A common theme persisting in today’s society is that we are witnessing the beginning of the end of human civilisation as we know it. We are constantly being told that we are destroying the planet and destroying ourselves, and that the all-conquering forces of capitalism are to blame. As the debate over climate change, international terrorism and, more recently, economic stability and development has developed I have come to question such notions. In fact, right here and right now, I say such a notion is flawed and unsustainable. This is the first in a series of posts which will argue that, contrary to popular belief, the sky is not falling. Today I will introduce what I call the Societal Advancement Theory, and discuss the issue of technological advancement and poverty in the developed world.
The Societal Advancement Theory
I believe that the state of the world we live in is not as bad as some people, normally motivated by self-interest and ideology, make it out to be. This is what I call the Societal Advancement Theory. The Societal Advancement Theory posits that the world is constantly developing and constantly improving. At its very core is the understanding that the human mind, working with the support of the spiritual “universe”, has a remarkable ability to provide solutions to the problems that the world faces. Society is on a constant path of improvement. This improvement may be difficult to witness at any given point in time, but by taking a contextual assessment and combining this with an understanding of human history, the notion that society continues to improve is impossible to ignore. Further, it argues that human society should not be measured in terms of material wealth. Instead, the true state of any given society is measured in terms of its spiritual wealth – by which I mean the extent to which the conscious energy of that society is being devoted to living a meaningful and fulfilling life.
Without question, the world we live in faces a lot of challenges. There is no disputing that. However, it is also without doubt that we live in a world that is far superior to any other point in time of human existence. The technological and economic developments of the past century have lifted unprecedented numbers of people out of poverty and provided riches to millions throughout the world that would make paupers out of even the wealthiest ancient Kings and Queens.
If you do not believe me, then consider this: I am 25, yet I can remember a world without computers, without the internet, without mobile phones, and without 24/7 cable television. Today, most people would struggle to survive a week without such luxuries. Living conditions, health, and human equality are vastly superior to the situation that existed 100 years ago. We have made incredible advancements in health, resulting in the eradication of many extremely deadly diseases; eduction, resulting in a more intelligent, skilled, and prosperous society; and human rights, with the rights of woman, homosexuals, minorities, and all ethnic groups recognised widely throughout the western world, and growing parts of the developing world.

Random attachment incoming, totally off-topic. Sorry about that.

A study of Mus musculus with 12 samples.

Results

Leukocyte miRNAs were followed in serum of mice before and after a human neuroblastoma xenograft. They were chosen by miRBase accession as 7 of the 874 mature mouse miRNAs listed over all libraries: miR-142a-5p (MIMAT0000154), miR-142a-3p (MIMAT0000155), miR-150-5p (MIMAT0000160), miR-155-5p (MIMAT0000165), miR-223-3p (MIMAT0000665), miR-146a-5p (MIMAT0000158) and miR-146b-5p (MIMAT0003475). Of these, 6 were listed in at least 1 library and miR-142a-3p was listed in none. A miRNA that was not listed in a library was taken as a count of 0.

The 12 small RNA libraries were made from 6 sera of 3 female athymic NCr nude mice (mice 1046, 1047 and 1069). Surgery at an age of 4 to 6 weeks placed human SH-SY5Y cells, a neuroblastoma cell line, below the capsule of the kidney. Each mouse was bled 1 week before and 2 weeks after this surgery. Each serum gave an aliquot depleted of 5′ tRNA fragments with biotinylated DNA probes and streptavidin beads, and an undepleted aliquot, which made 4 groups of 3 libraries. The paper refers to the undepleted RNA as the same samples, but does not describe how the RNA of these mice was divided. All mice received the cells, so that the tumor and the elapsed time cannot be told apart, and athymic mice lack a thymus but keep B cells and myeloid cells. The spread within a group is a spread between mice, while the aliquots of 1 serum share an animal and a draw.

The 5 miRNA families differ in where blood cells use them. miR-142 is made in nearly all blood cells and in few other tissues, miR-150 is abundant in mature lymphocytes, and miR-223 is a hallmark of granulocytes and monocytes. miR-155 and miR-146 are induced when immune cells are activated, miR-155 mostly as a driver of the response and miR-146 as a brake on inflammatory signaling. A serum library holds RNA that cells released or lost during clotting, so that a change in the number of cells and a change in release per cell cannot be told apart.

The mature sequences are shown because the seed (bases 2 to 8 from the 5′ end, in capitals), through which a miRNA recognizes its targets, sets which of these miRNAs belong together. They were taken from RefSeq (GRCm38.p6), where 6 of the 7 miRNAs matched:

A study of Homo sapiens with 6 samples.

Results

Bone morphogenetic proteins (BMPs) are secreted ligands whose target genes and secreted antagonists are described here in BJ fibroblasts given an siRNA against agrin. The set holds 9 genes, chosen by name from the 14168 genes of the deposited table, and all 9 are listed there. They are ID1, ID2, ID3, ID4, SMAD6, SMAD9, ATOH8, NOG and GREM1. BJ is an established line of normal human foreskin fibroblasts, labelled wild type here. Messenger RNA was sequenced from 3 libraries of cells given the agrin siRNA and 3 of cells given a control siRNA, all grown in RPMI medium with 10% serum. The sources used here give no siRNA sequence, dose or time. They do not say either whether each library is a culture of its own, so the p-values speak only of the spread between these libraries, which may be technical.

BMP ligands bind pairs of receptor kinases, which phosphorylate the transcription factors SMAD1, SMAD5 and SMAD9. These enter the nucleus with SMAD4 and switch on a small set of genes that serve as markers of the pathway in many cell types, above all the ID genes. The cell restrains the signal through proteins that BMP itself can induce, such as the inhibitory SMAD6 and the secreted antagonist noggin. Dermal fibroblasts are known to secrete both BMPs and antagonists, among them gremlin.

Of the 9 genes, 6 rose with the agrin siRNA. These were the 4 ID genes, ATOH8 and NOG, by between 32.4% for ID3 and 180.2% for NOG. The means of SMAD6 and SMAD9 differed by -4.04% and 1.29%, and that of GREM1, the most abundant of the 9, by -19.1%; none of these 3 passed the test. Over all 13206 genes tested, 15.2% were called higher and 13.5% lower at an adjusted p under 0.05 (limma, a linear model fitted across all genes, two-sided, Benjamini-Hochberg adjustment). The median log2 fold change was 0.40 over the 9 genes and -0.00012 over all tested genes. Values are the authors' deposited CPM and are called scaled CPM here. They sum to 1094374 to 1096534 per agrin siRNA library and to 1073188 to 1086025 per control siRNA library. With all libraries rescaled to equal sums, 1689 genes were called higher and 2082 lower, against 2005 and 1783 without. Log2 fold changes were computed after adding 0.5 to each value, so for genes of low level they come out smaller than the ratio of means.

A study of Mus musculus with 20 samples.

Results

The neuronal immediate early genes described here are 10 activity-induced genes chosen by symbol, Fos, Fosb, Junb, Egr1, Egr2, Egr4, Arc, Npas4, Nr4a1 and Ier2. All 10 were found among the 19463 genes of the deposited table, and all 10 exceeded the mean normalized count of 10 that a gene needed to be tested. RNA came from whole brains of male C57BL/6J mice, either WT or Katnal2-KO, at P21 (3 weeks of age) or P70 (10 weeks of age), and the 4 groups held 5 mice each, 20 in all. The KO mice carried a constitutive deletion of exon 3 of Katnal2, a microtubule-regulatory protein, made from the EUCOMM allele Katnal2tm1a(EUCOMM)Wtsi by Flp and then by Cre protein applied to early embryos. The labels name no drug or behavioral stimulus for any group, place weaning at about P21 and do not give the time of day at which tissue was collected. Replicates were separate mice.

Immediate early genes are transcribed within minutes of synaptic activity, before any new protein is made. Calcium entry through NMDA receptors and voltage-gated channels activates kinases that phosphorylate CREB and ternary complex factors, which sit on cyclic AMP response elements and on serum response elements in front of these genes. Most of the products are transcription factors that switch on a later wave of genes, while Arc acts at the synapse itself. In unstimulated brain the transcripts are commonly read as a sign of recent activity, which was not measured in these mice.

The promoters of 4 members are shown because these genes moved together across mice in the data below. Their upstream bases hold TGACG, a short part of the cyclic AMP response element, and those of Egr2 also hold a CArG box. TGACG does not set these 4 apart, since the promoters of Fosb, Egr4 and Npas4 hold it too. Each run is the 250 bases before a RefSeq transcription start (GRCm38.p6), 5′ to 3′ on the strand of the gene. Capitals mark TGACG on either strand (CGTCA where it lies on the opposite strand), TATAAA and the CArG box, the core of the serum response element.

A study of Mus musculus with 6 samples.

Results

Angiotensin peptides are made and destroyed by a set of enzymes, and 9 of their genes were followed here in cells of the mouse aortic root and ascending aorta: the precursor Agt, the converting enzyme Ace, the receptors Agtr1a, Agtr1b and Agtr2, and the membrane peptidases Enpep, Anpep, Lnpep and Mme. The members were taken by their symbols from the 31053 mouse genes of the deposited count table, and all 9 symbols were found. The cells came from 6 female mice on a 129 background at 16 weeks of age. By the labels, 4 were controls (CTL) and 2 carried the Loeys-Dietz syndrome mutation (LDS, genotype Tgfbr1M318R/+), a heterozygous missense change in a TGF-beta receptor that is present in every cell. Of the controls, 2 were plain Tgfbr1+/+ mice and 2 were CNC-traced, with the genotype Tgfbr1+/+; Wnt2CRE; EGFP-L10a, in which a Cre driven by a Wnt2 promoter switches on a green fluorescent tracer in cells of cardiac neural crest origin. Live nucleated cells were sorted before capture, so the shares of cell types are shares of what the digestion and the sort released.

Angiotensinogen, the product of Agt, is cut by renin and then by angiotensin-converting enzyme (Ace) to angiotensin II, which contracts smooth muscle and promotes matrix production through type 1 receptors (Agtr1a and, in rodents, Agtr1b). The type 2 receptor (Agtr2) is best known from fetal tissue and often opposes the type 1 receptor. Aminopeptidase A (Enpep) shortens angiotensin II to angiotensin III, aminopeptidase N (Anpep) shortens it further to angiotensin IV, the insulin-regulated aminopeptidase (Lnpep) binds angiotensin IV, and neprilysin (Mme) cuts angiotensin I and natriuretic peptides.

Poverty in the Developed World
None of this is to deny that there is not great poverty, great injustice, and great inequality in this world. There is, and the problems are serious. However, it is dangerous to ascribe these qualities to every third world country, and every third world community. In fact, we even consider there to be widespread poverty in the developed world. Africa and Asia are experiencing a rising middle class and in our own backyard, we are fortunate enough to live in a society which provides a basic level of support to those most in need.
I work in one of the poorest areas of New Zealand and I do not see true poverty. I see people who do not have everything I have – but what I do see are people who drive cars, who can afford to buy fast food, alcohol and cigarettes, who have the internet and cable television. People who can afford to spend money on clothes, and food, and even put a lazy $10 on the lotteries every week. This is not poverty. In one of the poorest parts of New Zealand, people have access to shelter, food, clothing, clean water, a free (or at least heavily subsidised) healthcare system, and free education up until the age of 18. It is also true that 40% of New Zealanders pay no net tax. This is not poverty. It is not utopian, but it is not poverty.
A New Approach
What should concern policy makers is not the extent of relative poverty within a society (material wealth), but rather the extent to which its citizens are living a meaningful and fulfilling life (spiritual wealth). Society will continue to advance, bringing more opportunities and more wealth to more people around the world. As technology automates more processes, and reduces our working day, we have more time to consider and reflect on our spiritual wealth. The more we reflect on, and seek to improve, our spiritual wealth, the more likely we are to achieve growth in our material wealth (and a more equitable growth at that). Both material and spiritual wealth are inter-dependent, and we ignore one in favour of another at out peril.